These days everyone thinks of camels here as the animals that give tourists rides in Timanfaya, but camels are an indispensable part of Lanzarote’s history, and together with their human partners, they helped shape the island over five centuries.
The first camels here were brought over from Africa in the late 1400’s, very soon after the conquest of Lanzarote. They are actually Dromedaries, as they have one hump rather than two. Camels are incredibly bouyant because of their large stomachs, and they were actually brought to Lanzarote floating and towed by boats from Africa.
Perfectly Suited to Lanzarote
Camels are ideally suited to Lanzarote:
- They have very mobile lips which enable them to eat the thorny scrub here
- They are able to close their nostrils to keep out sand and dust
- They have two rows of eyelashes and small ears for the same reason
- Their feet are very wide, with super hard pads that enable them to walk comfortably on stony ground
- They can go for 10 days without water – essential with our lack of rainfall
How they were used
Camels were the ubiquitous animal for the transport of people (much better suited to the island than horses,) goods and as general farm workers.
Camels transported all the goods between the ports and towns of the island, carrying onions, salt, fish, fruit and vegetables.
Almost all of the development of places like La Geria would have been impossible without the strong animals that moved rocks and brought in building materials and water for the vines.
On farms they were used to plough the fields and turn the mills that ground wheat or gofio, crushing them into flour.
Camels were the water supply network for Lanzarote right up until the desalination plant started working in the 1960’s. They would deliver water to homes all over the island.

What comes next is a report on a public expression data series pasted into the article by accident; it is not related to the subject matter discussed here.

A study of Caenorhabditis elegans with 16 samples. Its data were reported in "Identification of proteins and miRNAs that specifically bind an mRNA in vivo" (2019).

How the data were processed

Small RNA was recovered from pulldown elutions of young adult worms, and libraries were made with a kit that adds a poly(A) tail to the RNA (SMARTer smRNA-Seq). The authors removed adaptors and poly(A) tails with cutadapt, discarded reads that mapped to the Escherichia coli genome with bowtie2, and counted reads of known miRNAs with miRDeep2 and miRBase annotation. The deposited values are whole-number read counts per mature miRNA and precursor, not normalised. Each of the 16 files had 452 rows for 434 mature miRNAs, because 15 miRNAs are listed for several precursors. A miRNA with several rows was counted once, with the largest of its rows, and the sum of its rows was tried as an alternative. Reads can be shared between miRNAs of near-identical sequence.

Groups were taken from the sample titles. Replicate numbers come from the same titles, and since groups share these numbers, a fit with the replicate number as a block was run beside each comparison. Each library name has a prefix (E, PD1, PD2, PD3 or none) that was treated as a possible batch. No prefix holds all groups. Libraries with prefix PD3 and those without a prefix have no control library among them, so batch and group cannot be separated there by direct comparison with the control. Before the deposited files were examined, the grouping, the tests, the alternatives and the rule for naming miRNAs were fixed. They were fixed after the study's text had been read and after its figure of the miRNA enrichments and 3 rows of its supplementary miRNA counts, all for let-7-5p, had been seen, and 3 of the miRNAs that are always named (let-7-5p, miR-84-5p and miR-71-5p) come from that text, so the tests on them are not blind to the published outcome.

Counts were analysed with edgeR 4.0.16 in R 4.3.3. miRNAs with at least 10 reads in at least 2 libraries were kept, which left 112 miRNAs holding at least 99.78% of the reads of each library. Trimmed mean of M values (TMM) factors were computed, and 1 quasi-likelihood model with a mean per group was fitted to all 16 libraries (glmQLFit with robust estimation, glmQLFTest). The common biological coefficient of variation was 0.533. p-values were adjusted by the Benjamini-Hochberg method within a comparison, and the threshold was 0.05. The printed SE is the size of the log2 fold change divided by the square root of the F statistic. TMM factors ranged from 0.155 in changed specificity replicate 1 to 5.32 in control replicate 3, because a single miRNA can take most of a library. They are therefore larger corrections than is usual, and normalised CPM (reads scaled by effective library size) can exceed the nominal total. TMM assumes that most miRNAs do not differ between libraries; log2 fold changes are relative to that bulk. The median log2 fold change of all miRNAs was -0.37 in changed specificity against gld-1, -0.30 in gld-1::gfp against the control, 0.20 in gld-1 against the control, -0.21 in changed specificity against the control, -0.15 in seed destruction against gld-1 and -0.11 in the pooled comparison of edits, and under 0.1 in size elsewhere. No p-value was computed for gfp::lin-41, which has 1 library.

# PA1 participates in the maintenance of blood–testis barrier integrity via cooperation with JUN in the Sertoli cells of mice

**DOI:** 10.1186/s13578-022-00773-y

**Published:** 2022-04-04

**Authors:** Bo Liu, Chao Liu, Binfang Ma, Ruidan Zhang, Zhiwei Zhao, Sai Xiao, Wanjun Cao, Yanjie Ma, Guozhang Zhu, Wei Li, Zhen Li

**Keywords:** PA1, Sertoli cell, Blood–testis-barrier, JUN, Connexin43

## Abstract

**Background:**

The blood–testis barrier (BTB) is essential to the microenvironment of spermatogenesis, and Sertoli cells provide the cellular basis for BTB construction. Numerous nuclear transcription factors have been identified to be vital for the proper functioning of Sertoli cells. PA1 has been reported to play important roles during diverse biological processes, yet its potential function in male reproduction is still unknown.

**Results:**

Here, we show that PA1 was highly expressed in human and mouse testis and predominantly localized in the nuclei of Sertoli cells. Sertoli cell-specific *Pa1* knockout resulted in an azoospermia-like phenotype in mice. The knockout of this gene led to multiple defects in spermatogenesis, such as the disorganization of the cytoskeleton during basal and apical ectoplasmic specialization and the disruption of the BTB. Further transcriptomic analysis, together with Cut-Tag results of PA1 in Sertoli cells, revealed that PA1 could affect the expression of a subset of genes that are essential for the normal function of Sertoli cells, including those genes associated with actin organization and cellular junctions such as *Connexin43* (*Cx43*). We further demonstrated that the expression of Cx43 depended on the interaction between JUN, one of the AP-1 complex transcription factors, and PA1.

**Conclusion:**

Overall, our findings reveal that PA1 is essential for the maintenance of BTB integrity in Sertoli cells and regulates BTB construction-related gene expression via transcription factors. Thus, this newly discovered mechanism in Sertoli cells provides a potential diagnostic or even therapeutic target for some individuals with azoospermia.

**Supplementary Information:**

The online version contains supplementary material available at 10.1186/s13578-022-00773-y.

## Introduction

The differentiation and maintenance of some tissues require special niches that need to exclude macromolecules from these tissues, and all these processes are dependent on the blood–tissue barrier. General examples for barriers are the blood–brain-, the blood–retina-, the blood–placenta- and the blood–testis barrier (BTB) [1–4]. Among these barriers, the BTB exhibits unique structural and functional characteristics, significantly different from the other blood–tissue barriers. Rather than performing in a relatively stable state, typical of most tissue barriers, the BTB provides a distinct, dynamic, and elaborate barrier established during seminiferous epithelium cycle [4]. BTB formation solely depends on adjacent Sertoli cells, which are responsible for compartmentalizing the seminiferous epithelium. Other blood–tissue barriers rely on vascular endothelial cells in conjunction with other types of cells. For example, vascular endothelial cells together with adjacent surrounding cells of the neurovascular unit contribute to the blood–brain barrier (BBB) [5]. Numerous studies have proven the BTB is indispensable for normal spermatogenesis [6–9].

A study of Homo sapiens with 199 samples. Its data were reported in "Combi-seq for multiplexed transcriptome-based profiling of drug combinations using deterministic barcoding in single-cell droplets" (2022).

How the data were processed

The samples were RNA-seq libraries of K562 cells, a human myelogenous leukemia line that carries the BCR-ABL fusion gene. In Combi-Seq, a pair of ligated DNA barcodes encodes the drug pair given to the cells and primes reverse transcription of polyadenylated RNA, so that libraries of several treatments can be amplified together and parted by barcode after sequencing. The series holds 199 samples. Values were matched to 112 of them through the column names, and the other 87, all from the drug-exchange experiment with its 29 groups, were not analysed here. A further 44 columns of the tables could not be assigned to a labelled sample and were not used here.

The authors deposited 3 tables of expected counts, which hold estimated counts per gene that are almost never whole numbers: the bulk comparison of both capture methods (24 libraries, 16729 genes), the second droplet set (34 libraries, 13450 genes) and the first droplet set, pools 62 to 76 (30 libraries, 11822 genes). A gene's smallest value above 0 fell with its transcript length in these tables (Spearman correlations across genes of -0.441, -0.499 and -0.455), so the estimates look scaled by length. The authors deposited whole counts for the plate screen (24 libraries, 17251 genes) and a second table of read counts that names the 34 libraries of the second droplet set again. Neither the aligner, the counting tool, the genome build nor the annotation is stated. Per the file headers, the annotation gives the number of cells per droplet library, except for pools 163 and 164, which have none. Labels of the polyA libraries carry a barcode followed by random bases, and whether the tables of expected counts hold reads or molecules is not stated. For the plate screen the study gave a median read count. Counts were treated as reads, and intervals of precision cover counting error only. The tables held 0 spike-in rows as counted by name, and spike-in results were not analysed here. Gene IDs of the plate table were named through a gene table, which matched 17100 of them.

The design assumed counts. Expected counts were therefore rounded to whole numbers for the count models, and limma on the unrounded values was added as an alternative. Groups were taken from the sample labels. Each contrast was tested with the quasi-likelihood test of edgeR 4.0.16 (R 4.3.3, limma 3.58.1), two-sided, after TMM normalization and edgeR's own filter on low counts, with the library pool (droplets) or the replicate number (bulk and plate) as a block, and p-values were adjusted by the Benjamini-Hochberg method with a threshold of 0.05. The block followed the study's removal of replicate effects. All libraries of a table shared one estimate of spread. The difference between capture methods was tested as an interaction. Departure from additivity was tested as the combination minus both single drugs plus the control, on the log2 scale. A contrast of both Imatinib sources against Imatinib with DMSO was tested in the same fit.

Camels were also prized for their very nutritious milk, used as a treatment for anaemia and TB. Once they died, their hair and skins were used for making clothing.
As recently as 1949, there were more than 3,000 camels on the island.
When the first tourists arrived, in the late 19th century, camels became the island’s taxis, with visitors sitting in the so called “English Chairs” which had been designed to make riding them more comfortable. Today, these “English chairs” are made by artisan workers based in Uga.
But with the arrival of cars, buses and tractors, and the advent of mass tourism, the use for the island’s camels gradually faded away. It was the people of Yazia who first came up with the idea of using the herd to transport people around Timanfaya, and in the 1960’s, riding a camel was the only way to see the Fire Mountains.
Once the bus route had been established there in the 1970’s, the camel owners were given special licences to offer rides in specific parts of the the fire mountain area.
The majority of the 400 remaining camels on the island are now used for this purpose, walking each day on a rotation basis to the Echadero de los Camellos in Timanfaya from their stables in Uga, spending the day giving rides, before returning home in the afternoons. The camels support a total of 40 families on the island, who make their living from the rides, and they care for the camels to the highest standard. During the pandemic, they had a special dispensation to continue to exercise the animals, and the families continued to buy their feed despite receiving no income.
They also star each year in the Three King’s Processions on 5th January, delivering the Kings and the presents for all the children of the island.
So the camel has gone from being an indispensable tool for the development of the island, to a tourist attraction, but they remain very much identified with the island and are a much loved and respected part of the history of Lanzarote.